Shed roof 2x8's?

Discussion in 'Remodel Forum & Blog' started by rick.a, Jun 1, 2009.

  1. rick.a

    rick.a New Member

    Messages:
    84
    Location:
    Palmer, Massachusetts
    I am building a shed that will be attached to a porch on the rear of my cottage.
    The classic shed roof will be tied into the roof of the porch (side of the porch). My question is: Can 2x8's on 24" centers span 8 ft on a roof with a 3 pitch, and 1/2" sheathing, in central Massachusetts (snow load)?

    The existing porch roof has rafters on 24's and I want to sister into them, over the porch wall, then run out 8 ft, maintaining the existing pitch. The porch roof seems to have held up fine for many years with this same construction ( 2x8 on 24" centers).

    I know that a permit will give me this info but this will not be happening at my summer cottage on a dirt road in a hick town.

    thanks,
    Rick.
  2. Engineer Ben

    Engineer Ben In the Trades

    Messages:
    24
    Location:
    Chicago
    If you're not worried about a permit you will be fine. I would walk on it. You may get a very little bit of flex inside the porch if it will have a ceiling (paneling?). It certainly won't fail, but you may have a very little bit of flex.
  3. hj

    hj Moderator & Master Plumber Staff Member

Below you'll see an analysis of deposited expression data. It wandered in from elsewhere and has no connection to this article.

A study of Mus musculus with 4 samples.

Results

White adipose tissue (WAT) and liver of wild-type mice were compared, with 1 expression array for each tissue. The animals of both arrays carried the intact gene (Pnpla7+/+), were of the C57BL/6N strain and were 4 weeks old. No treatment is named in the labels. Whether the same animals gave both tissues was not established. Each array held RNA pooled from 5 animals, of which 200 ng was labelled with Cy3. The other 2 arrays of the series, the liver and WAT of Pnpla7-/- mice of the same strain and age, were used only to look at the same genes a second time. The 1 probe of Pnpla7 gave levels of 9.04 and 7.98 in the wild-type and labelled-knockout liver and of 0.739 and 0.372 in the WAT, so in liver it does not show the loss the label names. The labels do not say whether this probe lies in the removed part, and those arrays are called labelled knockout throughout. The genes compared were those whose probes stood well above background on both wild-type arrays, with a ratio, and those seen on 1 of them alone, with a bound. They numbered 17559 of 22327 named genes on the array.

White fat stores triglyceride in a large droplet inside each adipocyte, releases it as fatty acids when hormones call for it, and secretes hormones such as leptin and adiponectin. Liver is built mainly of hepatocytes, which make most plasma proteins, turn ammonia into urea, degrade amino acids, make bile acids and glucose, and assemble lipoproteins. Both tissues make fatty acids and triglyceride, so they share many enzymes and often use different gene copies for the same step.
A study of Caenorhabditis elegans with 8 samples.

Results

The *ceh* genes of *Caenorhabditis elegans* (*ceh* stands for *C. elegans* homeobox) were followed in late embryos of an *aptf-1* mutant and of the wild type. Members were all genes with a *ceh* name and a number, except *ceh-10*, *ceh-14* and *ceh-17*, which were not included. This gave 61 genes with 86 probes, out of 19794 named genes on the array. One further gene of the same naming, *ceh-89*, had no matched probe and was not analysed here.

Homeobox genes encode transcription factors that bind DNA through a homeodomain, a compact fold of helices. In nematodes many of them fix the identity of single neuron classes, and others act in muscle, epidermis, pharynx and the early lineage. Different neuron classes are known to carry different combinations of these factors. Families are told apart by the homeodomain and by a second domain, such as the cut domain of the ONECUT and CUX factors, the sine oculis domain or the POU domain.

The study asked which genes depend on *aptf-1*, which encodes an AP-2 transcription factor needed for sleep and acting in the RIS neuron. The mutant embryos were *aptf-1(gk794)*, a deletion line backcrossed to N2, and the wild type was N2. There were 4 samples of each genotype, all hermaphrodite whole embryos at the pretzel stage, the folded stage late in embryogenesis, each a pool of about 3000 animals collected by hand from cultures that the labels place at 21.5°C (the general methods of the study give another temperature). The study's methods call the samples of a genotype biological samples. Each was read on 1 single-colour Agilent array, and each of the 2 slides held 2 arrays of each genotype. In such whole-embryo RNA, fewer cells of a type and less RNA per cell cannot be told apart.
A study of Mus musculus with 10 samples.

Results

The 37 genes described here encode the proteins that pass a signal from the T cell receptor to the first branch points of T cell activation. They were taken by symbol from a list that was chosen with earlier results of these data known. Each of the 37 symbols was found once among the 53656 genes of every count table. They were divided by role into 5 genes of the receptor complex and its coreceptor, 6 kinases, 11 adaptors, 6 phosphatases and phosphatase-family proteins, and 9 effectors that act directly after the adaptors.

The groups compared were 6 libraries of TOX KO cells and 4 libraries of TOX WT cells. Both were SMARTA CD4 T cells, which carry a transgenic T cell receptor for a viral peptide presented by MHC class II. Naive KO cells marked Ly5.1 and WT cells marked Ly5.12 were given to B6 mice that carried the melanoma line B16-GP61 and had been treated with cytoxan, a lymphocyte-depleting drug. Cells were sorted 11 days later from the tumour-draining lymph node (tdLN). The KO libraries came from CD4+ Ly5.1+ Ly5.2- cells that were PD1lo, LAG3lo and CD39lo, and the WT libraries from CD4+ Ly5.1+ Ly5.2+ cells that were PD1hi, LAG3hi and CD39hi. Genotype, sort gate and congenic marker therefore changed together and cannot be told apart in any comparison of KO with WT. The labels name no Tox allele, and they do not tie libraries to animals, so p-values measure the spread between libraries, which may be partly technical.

Messages:
    26,515
    Location:
    Cave Creek, Arizona
    joist

    It depends on the type and grade of lumber. Select doug fir will give a 60# /sq.ft. loading for a 10' span, while #1 would drop it down to 10#/sq.ft for a 9' span.
  4. sjsmithjr

    sjsmithjr Geologist

    Messages:
    295
    Location:
    Knoxville, Tennessee
    Before reaching for the span tables, you need to calculate the roof load.

    Snow load - A rough rule of thumb is that roof snow load equals 70% of ground snow load which, depending on where you are in Central Mass, ranges from 55 to 65 psf. So your roof snow load will be approx. 40 to 45 psf.

    Dead load for light roofing is 10 psf.

    For the wind load, and you'll need to check this one, I believe you would add in another 10 psf to the dead load as you are located in the northeast.

    That would give you a conservative roof load of 20 psf dead and 45 psf live for a combined load of 65 psf.

    Now you can reach for the span table for the species and grade of lumber you plan on using. In the alternative you can reach for the phone book and your check book and have a structural engineer spec the job for you.
    Last edited: Jun 3, 2009
  5. Scuba_Dave

    Scuba_Dave Extreme DIY Homeowner

    Messages:
    885
    Location:
    South of Boston, MA
    I prefer 16" OC with 1/2"
    Heavy snow load up here every now & then its better for support
  6. rick.a

    rick.a New Member

    Messages:
    84
    Location:
    Palmer, Massachusetts
    Thanks for your replies. I think that I will go for putting them on 16" just to be safe. The additional level of difficulty and expense will not break the bank. I'd rather the peace of mind.